Political crisis looms as SF accuses Poots of ‘bad faith’ on Irish Language Act


By Jonathan McCambridge, PA

Sinn Fein has accused DUP leader Edwin Poots of acting in “bad faith”, and said that the nominations of a first minister and deputy first minister at Stormont this week have to be accompanied by the progression of Irish language legislation.

Sinn Fein’s conclusion that they “do not believe” Mr Poots will deliver on the Irish Language Act could spark a political crisis at Stormont.

When Arlene Foster formally resigns as First Minister on Monday, deputy First Minister Michelle O’Neill is automatically removed from her post as well – as the joint office can only function if both positions are filled.

Both parties will then need to re-nominate their respective first and deputy first ministers within seven days.

If one of the parties declines to re-nominate, or if either nomination fails to gain sufficient Assembly support, then a functioning Executive cannot be formed and a snap election will become likely.

It is understood Sinn Fein had been seeking firm guarantees from Mr Poots on issues such as Irish language as a prerequisite for its engagement in the nomination process.

Michelle O'Neill will automatically be removed from the position of Deputy First Minister when Arlene Foster officially steps down as First Minister

It is understood Sinn Fein had been seeking firm guarantees from Mr Poots on issues such as Irish language as a prerequisite for its engagement in the nomination process.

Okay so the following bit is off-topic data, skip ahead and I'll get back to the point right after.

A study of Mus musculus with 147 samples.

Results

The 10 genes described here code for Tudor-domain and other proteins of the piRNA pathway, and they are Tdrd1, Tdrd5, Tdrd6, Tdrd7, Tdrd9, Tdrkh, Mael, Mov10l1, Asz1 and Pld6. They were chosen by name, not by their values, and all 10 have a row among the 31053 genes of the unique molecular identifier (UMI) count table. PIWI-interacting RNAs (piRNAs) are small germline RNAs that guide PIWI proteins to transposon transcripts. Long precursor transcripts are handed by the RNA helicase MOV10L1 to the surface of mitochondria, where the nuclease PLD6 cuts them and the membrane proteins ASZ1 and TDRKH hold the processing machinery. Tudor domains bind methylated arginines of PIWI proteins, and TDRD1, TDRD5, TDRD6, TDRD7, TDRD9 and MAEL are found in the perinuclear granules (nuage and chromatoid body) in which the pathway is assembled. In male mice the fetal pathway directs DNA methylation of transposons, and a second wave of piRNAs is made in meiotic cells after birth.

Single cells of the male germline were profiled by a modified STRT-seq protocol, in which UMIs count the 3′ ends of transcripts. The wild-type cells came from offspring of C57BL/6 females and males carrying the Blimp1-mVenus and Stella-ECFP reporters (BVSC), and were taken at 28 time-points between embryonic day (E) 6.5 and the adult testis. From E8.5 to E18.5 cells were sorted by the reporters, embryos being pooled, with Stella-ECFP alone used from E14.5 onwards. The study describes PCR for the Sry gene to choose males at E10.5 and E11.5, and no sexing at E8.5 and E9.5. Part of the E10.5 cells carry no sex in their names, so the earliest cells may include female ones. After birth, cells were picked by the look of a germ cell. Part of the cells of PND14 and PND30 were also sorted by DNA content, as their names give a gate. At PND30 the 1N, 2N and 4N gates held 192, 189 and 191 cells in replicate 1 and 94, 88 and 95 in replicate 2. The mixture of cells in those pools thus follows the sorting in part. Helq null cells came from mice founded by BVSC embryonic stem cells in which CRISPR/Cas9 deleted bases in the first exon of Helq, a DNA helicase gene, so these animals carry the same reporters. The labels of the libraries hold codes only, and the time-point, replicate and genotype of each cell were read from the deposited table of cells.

A senior Sinn Fein source told the PA news agency: “Sinn Fein has scoped out Edwin Poots and the DUP, having had a series of engagements where we’ve talked and listened up until yesterday.

“Our assessment is that he is being disingenuous by saying publicly that he will honour commitments agreed in NDNA (New Decade, New Approach).

“We believe they are acting in bad faith. We do not believe they will deliver on the Irish Language Act.

“Our position is that the nomination for first minister and deputy first minister has to be accompanied by legislation on the Irish language.”

Mr Poots has previously pledged to implement Irish language legislation at Stormont as quickly as possible.

The new DUP leader said last week he wished to “expedite” the rollout of all outstanding aspects of the New Decade, New Approach (NDNA) deal that re-established powersharing in 2020.

The cultural elements of NDNA, include protections for Irish and Ulster Scots, would have to be delivered in the form of amendments to the 1998 Northern Ireland Act.

Sinn Fein wants those legislative changes passed before the end of the current Assembly mandate next spring.

It is understood the party wants to see progression of the amendments introduced in tandem with the process of nominations for first and deputy first minister.

DUP nominee for First Minister Paul Givan

In response, the DUP has insisted it “stands resolute” in its determination to respect powersharing in Northern Ireland.

After Sinn Fein said it did not believe DUP leader Edwin Poots would deliver on an Irish Language Act, potentially sparking a Stormont political crisis, the DUP responded that: “No-one would forgive Sinn Fein for playing fast and loose with people’s lives in Northern Ireland.”

A spokesman added: “The DUP leadership stands resolute to enter government, respect powersharing and get on with the job.

“It is up to others to follow.”

“We remain committed to the New Decade, New Approach agreement and want to see it implemented in all its parts.”